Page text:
DALLAS (CBSDFW.COM) - Prosperity in Texas may be the fuel for Governor Rick Perry’s presidential campaign, but as it turns out, when it comes to children, there are few states where more kids are living in poverty.
According to a new report released by the Annie E. Casey Foundation, 24 percent of kids in Texas are living in poverty. The national average is 20 percent, making Texas one of the worst states for childhood poverty.
In the Dallas Independent School District, the numbers are even more staggering – 80 percent of students living in poverty.
Simone Hogan of Dallas knows the pain of poverty. She spent much of her mid-20s trying to escape. “Not having your own place to stay. Not having furniture,” the single mom said of her time below the poverty line. “Not having simple things that you didn’t think of, that you need.”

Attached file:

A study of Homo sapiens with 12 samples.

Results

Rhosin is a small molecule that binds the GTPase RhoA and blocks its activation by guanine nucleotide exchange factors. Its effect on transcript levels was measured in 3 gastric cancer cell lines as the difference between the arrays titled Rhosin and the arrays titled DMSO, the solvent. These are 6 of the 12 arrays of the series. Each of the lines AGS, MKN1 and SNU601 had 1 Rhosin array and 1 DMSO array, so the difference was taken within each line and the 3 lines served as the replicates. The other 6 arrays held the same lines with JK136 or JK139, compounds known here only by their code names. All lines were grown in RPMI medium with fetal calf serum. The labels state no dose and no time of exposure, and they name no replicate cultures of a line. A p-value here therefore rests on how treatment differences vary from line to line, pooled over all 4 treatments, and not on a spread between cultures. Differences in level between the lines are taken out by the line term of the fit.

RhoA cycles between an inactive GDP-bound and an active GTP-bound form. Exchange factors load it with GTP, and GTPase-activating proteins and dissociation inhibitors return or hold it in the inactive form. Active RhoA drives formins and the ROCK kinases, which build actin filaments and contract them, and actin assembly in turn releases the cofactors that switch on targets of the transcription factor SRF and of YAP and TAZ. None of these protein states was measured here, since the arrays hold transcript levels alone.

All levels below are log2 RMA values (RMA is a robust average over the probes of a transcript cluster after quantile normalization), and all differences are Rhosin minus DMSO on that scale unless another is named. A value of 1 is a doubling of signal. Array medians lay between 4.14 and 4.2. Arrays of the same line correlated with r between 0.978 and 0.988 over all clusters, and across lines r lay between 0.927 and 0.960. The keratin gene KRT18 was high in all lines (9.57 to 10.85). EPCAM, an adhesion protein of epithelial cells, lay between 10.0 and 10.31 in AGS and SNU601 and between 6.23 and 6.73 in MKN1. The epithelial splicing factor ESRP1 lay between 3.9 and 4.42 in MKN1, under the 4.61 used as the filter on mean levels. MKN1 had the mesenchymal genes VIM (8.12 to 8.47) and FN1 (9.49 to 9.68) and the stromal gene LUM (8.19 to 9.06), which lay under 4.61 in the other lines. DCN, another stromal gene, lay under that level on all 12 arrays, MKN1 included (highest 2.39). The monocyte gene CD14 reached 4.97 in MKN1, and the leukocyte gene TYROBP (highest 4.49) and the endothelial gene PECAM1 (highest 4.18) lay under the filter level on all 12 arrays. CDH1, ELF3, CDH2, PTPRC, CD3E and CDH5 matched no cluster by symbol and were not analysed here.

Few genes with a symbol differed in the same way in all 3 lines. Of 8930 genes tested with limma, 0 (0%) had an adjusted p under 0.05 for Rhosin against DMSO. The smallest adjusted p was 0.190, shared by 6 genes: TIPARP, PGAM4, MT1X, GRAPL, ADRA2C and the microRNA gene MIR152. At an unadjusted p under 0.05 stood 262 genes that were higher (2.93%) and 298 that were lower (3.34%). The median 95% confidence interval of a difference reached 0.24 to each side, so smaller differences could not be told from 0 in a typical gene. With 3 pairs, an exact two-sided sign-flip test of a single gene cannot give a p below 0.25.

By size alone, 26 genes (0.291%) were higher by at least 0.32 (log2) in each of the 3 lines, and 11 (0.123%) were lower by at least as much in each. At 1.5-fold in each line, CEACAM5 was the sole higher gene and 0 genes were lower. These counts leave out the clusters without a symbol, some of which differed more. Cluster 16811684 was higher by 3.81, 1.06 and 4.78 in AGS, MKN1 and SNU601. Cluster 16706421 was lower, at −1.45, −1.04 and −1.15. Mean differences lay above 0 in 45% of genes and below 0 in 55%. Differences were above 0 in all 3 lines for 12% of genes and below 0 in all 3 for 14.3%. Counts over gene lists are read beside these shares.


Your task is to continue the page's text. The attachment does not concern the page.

But things changed, and the 29-year-old is now close to a business degree while working in the finance department of Dallas Summer Musicals. “Everything that I do right now is because I focus on – she deserves better. She deserves a better life,” Hogan said, talking about her daughter.
“It’s a critical issue,” explained Jennifer Sampson, CEO of the United Way in Dallas, who was not surprised by the report’s findings. Her nonprofit’s United 2020 program has set a goal of lifting 250,000 North Texans out of poverty. “We’re focused on programs that help break costly, destructive cycles in education, income and health. In the income area, the focus is breaking the costly, destructive cycle of poverty.”
Hogan was not surprised by the report’s findings either. The poison apple of poverty has been around forever and, thanks to the current economy, more and more people are now taking a bite. “People have struggled since the start of time,” Hogan said. “But right now, I feel like more people are feeling the effects, and they’re realizing that everything is not promised. A job is not promised. Finances are not promised.”